A controversial scheme to sell public land in Greenwich to private developers is to be reconsidered after complaints about the decision.

Greenwich Council’s cabinet signed off proposals to dispose of estate land to Pocket Living, subject to a consultation with tenants, and spend the cash on delivering social housing.

Pocket, which specialises in affordable housing, is proposing to build 151 one-bedroom flats, 100 per cent affordable, on three car-parking and garage sites in The Heights in Charlton, Kidbrooke Park Close and Quince Road in Blackheath.

The decision was called in to a special scrutiny meeting on August 8 following concerns the decision had been made before an opportunity for feedback from councillors and the public.

The panel unanimously voted to send the decision back to the cabinet to reconsider.


The council’s cabinet had agreed to consult with leaseholders for 28 days before a final decision is made, but there were calls for stronger moves, such as a binding ballot with residents.

Residents living on the affected estates told the panel they felt they had been kept in the dark about the proposals until the decision had been made.

One resident said: “We put you in your job, and you should represent our interests. You’ve failed in that by not mentioning to the locality that this was in mind.

“The density that is proposed is way out of proportion.  But it’s more the way you’ve done it. We deserve as residents to be consulted – 28 days is not enough.”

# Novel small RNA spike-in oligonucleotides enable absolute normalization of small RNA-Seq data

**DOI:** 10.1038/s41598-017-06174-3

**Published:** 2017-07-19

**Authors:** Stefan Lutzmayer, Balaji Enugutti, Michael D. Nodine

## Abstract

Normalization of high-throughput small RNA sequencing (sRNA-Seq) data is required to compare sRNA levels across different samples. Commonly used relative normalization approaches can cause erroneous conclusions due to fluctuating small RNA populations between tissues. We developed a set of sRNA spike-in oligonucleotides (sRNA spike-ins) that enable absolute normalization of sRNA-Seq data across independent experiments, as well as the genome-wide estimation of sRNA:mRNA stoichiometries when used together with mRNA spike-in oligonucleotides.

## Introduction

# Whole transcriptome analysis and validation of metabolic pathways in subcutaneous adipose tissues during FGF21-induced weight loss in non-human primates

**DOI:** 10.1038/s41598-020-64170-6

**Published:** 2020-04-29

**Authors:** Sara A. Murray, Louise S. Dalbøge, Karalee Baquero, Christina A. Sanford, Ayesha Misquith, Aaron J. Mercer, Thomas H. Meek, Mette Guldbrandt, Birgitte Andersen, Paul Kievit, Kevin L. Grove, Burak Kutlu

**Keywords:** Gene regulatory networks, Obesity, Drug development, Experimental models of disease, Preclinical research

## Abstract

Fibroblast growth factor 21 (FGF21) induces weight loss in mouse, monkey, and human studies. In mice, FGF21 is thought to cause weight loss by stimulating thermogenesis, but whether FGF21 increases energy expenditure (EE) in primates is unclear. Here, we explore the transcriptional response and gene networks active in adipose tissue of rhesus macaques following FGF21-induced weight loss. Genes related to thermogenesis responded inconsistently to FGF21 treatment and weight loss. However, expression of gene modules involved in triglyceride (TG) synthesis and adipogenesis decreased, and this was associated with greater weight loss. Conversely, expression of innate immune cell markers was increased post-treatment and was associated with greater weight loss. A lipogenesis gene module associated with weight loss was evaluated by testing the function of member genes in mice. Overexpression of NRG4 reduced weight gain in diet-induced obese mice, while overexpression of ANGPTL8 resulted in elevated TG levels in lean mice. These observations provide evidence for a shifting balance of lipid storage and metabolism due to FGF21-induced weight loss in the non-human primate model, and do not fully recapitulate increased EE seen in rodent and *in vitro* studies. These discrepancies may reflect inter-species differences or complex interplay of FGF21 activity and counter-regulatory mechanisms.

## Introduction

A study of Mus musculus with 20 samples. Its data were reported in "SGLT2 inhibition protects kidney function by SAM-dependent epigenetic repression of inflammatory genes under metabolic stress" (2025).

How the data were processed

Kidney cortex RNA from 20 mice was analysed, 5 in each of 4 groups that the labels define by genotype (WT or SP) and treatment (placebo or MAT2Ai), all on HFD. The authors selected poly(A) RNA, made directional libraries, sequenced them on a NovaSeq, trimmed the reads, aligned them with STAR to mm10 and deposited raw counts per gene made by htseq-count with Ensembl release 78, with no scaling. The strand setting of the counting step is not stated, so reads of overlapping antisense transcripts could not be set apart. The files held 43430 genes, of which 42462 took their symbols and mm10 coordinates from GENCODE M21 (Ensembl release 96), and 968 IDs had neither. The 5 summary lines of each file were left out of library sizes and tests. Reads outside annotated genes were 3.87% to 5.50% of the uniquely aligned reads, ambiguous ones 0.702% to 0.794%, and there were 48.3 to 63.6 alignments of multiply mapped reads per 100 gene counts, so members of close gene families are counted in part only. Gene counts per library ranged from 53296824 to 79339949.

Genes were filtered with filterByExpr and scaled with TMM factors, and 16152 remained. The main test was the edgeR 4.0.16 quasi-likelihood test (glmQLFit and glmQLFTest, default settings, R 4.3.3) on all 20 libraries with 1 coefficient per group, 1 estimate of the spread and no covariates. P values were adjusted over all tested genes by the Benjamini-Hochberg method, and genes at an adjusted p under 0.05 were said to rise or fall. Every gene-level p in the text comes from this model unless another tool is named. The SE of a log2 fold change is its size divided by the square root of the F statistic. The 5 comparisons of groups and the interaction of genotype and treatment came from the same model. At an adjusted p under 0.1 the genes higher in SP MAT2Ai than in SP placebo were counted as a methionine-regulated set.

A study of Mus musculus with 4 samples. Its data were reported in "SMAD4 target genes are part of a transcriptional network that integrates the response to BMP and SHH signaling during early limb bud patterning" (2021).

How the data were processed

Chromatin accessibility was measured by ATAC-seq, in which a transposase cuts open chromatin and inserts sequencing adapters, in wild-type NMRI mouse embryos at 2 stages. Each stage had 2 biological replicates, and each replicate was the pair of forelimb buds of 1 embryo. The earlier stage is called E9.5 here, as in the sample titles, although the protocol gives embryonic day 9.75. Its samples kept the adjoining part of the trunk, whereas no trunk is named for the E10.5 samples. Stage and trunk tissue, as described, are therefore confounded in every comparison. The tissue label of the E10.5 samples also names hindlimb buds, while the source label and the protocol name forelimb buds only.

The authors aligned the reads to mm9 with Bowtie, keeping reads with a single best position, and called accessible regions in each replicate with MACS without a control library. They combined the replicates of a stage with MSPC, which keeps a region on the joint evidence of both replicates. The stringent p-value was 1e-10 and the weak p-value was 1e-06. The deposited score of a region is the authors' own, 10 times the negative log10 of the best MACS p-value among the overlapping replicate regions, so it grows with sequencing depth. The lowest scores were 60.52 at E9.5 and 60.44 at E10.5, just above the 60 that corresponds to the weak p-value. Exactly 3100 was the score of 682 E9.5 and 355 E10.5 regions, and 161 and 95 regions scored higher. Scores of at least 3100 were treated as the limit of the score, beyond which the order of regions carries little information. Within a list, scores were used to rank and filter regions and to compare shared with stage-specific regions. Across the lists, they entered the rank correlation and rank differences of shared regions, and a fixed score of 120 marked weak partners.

The decision was ‘called in’ by councillors Gary Parker and Leo Fletcher, who called for greater transparency over the process that picked Pocket over other bodies to develop the sites.


Cllr Parker said: “There is no housing at social rent as part of the proposals.

“Given that Pocket will make a profit, could best value not have been achieved with a social provider rather than a private developer? It is debatable whether the properties represent value for money.

“Should the council sell public land to developers? Public land is a precious asset, and should not be disposed of without thorough valuation and, in this case, reassessment and referral to the housing scrutiny panel before a decision is made.”

Cllr Leo Fletcher added: “A petition has already been signed by 50 residents – to reassure them, and to strengthen the decision, we need meaningful consultations.”


Questions were raised over the process that led to the agreement to work with Pocket Living.

Cllr Nigel Fletcher pressed council bosses as to why Pocket had been selected to buy and develop the land with no competition from other bodies.

Pippa Hack, the the director of regeneration and enterprise, said private developers approach the council constantly, but Pocket’s ability to cater for specific demand meant the council was more likely to enter into discussion with it because it could “meet a certain cohort of demand.”


Cllr John Fahy, deputy of the panel, said he saw no reason the council-established development company couldn’t work on the sites instead.

He said: “We have 17,000 of people on our housing waiting list. We need to develop a mixed economy of housing provision – which this scheme doesn’t do. There’s no reason whatsoever that our own provider can’t work in partnerships to achieve our objectives.”


He went on: “They are not specialists in smaller sites – Pocket are. These are not the sites that work for that delivery partner.”